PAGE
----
One of the undertones of the book of Daniel is humility.
There is humility in Daniel’s refusal to eat the king’s food. He doesn’t make demands. He requests that he be tested and trusts God to be faithful as he seeks to honour him in a country far from his home (Daniel 1:8-16).
When Daniel interprets Nebuchadnezzar’s dream, rather than taking credit for its interpretation, he gives God the glory (Daniel 2:27-30). As a result of this Nebuchadnezzar is humbled and praises God. His humility is, unfortunately, short lived but God doesn’t give up on him and relentlessly pursues Nebuchadnezzar and twice more humbles him until he truly repents of his pride (Daniel 2:47; 3:28-4:3; 4:34-37).
It is immensely encouraging to know that God is committed to the humility of the people he chooses for himself, even through our repeated failures to really grasp it.
In chapter 5 king Belshazzar is punished for his pride and idolatry. He, unlike his predecessor, finds no chance for repentance – or so it seems – because he is killed the very same night God pronounces judgement against him. Daniel comments that Belshazzar should have known better, knowing, as he did, the story of Nebuchadnezzar (5:17-23). “And you his son, Belshazzar, have not humbled your heart, though you knew all this, but you lifted up yourself against the Lord of heaven.” (vv. 22-23a).
The story of the life and experiences of Nebuchadnezzar were a warning to subsequent kings. In his life they could see that there is a God in heaven who humbles the proud. Yet his life also encouraged humility in others because Nebuchadnezzar became even greater after his humiliation (Daniel 4:36b cf. Psalm 138:6; Proverbs 3:34; James 4:6). Knowing this Belshazzar should have chosen humility because he had heard, if not seen, the destructive and humiliating consequences of exalting one’s self above God Most High.
God was not under obligation to treat Belshazzar exactly as he had Nebuchadnezzar. He was not obligated to be merciful to either. But he was merciful to each in his own way.
He was merciful to Nebuchadnezzar by humbling him through humiliation, certainly not how Nebuchadnezzar would have chosen to learn humility I’m sure. But he was also merciful to Belshazzar in giving Nebuchadnezzar as an example.
Like the Israelites whose grandparents had settled in Canaan and who had not experienced the first Passover and the Exodus, or the crossing of the Red Sea, or even the conquest of Canaan as well as the countless moral failures of their ancestors and God’s consequent judgements upon their sin. They, and Belshazzar, were meant to learn humility from the past acts of God in history and the lives of people just like them. They should have been humbled by a God who is not content to remain aloof but who condescends to being involved in the lives of people. Those people and their stories of humility through humiliation stand as a witness against them and us, indictments on their and our unlawful and unjustified pride against God himself.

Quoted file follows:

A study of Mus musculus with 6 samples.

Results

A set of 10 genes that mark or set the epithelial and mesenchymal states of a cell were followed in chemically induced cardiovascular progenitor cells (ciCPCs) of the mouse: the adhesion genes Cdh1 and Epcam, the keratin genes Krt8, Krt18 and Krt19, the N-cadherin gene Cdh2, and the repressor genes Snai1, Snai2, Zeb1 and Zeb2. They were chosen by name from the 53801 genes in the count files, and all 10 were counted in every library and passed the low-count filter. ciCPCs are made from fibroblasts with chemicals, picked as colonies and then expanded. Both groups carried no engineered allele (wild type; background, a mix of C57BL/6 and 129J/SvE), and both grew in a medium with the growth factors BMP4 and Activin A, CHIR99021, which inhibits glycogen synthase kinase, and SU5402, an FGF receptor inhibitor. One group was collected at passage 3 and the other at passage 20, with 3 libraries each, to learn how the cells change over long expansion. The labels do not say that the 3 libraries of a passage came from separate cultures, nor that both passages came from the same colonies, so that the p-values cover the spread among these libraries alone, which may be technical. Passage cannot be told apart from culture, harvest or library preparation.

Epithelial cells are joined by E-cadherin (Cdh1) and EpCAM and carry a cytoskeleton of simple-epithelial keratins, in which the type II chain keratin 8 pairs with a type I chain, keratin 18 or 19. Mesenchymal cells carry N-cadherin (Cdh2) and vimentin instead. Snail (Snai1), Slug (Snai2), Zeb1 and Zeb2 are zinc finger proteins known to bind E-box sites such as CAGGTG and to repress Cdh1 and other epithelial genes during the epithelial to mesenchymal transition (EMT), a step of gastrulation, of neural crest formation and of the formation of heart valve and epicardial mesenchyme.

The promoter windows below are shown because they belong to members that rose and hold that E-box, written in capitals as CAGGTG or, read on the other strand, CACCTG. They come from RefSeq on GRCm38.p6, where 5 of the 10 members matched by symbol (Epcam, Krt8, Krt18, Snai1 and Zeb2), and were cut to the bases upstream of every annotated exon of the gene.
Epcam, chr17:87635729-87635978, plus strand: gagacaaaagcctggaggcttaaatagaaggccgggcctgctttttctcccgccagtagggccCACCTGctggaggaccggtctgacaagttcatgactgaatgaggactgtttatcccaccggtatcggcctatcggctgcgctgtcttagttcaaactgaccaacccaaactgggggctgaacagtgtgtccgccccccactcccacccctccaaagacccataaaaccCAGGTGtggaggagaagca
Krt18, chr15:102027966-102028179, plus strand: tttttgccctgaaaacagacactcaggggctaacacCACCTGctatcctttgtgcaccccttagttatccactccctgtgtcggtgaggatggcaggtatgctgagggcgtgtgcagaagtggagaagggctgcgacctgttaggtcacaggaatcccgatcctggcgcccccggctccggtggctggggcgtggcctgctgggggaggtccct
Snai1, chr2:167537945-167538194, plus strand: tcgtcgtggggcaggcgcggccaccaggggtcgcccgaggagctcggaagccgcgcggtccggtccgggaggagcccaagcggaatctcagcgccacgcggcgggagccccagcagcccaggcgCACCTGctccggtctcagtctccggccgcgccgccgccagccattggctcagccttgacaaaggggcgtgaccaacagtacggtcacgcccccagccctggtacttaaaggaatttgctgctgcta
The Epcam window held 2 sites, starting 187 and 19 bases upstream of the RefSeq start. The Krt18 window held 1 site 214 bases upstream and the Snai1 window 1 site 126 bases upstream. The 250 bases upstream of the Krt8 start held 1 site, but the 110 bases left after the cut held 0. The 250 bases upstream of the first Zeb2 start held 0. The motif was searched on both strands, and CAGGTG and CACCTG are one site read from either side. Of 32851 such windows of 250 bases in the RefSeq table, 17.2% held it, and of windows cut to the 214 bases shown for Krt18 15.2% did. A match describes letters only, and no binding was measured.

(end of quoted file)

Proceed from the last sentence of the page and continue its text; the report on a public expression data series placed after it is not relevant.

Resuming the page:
It is into this repetitive story that Jesus comes. He came to kill our pride through the humiliation of his death on the cross and to grant us the gift of humility through the exaltation of his glorious resurrection.
I love this ironic juxtaposition!
Humility is often misrepresented as though it means we need to be self-deprecating, helpful to others but never allowing others to help us and never being seen to accept the praise of others. This is not true humility because it remains centred on ourselves.
“Humility,” says Lewis, “is not thinking less of yourself but thinking of yourself less.”
There is only one Person upon whom we can think that will produce in us humility (Philippians 2:1-11). If we make anyone else the highest object in our thoughts and affections it will invariably lead to pride because if we make a family member, a spouse, a friend, or anyone (or anything for that matter) our greatest concern then as we love and serve them we will come to believe them to be indebted to us for all the love we have shown them. We will tell ourselves that we have shown them more love than they have shown us and so we will begin to feel they owe us. Just wait until the person you love most does something to disappoint you or fail you and you’ll see.
However, if Jesus is the one we set our greatest affections and thoughts on then humility is guaranteed for the simple reason that we can never love Jesus more than he loves us.
We can never pay him back for the love he has shown us by living the perfect life we can never hope to live. By dying as our substitute, absorbing God’s wrath in our place, so we no longer have to. And by rising again to secure not only our present joy in him but also our even greater future joy that we have yet to experience with him in his renewed creation.
Jesus has freed us from the vicious cycle of self-love that ends only in misery to a humble, life-giving, self-forgetful, others-focused love that brings inexpressible joy.
We will live this way to the degree our thoughts and affections are taken up with him.